New York’s Guggenheim Museum has just announced plans to install a new artwork by Maurizio Cattelan consisting of a toilet made of 18 karat solid gold. The references to Piero Manzoni and Marcel Duchamp are obvious, but there is one very important distinction here that cannot be overlooked: this crapper will actually be functional. It will replace an existing Kohler brand toilet in an existing bathroom stall inside the existing Frank Lloyd Wright landmark building. Apparently, once it is installed, any museum-goer will be allowed to relieve themselves in it (as long they can withstand the duration of the lengthy queues that can be expected).
As a functioning, usable toilet situated in a bathroom, is it not a work of ‘architecture’ more than it is ‘art’? We must remember here that Rem Koolhaas included the toilet in his ‘Elements of Architecture’ exhibition at the Venice Biennale in 2014:
Elements of Architecture looks under a microscope at the fundamentals of our buildings, used by any architect, anywhere, anytime: the floor, the wall, the ceiling, the roof, the door, the window, the façade, the balcony, the corridor, the fireplace, the toilet, the stair, the escalator, the elevator, the ramp. [emphasis added]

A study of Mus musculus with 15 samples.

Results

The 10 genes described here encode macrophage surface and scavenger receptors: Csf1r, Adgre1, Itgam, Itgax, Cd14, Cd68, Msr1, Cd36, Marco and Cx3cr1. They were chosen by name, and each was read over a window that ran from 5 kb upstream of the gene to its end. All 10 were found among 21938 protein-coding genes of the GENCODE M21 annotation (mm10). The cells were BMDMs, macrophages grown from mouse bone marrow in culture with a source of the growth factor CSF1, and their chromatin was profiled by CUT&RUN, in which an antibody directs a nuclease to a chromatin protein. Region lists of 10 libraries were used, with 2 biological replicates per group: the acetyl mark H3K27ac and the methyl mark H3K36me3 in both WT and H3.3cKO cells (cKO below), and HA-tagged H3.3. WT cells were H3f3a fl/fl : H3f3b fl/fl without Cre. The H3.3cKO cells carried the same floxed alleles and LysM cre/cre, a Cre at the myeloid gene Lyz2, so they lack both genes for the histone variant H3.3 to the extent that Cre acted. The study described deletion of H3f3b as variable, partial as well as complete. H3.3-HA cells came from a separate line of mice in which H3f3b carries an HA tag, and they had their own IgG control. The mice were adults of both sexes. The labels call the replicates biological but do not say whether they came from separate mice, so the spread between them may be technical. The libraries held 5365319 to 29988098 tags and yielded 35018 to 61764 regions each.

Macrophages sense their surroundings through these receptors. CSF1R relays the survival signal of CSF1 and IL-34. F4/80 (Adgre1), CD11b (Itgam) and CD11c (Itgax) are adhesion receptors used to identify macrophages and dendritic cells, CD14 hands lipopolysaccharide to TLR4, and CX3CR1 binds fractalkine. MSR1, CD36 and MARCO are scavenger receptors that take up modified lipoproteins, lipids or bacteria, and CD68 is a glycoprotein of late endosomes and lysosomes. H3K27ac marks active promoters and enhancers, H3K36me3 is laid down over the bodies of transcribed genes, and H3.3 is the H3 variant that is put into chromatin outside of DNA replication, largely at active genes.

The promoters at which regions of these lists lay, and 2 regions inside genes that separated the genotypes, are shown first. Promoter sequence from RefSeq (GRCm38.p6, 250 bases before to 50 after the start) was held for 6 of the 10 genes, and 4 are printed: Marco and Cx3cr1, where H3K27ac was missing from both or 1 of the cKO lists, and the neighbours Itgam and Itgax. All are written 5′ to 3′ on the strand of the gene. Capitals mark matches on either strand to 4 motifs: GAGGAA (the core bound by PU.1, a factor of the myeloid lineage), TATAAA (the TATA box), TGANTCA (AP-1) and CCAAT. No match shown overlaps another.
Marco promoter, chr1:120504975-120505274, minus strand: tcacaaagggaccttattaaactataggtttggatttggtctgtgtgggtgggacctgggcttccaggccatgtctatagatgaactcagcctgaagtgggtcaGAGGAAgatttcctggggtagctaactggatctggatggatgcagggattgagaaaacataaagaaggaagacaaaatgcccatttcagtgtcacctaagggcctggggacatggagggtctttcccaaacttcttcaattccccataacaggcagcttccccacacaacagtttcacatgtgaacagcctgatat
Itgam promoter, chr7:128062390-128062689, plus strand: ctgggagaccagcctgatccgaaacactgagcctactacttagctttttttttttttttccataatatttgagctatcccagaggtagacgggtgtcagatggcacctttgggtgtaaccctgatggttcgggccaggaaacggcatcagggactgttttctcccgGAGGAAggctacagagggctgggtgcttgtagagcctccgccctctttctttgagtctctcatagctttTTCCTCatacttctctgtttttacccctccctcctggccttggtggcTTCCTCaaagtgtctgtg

As one of the 15 most fundamental elements of architecture, the toilet is clearly being appropriated by Cattelan from another discipline. But I don’t want to ask the tiresome question of whether this is art or not. Art can, after all, be anything, including architecture, so that question has stopped being relevant. The question that is more interesting is whether or not this very same work would ‘stand up’ (pardon the sexism) if it were done by an architect instead of an artist. How would this work be received then?
The reception would undoubtedly be very different, for in the context of ‘architecture’, this work conjures up an entire history of golden toilets commissioned by monarchs, dictators, despots, and self-indulgent rich people such as Saddam Hussein, the Emir of Kuwait, the Shah of Iran, or The Donald of New York. There are actually very many golden toilets throughout history, as this Pinterest collection shows, so, as far as architecture goes, a golden toilet is absolutely nothing new, let alone a provocation. Architecturally, a golden toilet is in fact very much a cliché, which is surely the worst sin that any architect can commit.
Vladimir Lenin once famously said: “When we are victorious on a world scale I think we shall use gold for the purpose of building public lavatories in the streets of some of the largest cities of the world.” If Cattelan and the Guggenheim Museum want to make a real provocation, perhaps they should reconsider installing their functioning golden toilet in front of the museum, rather than inside it. In the context of present-day Manhattan, a golden public toilet might even hold up as architecture.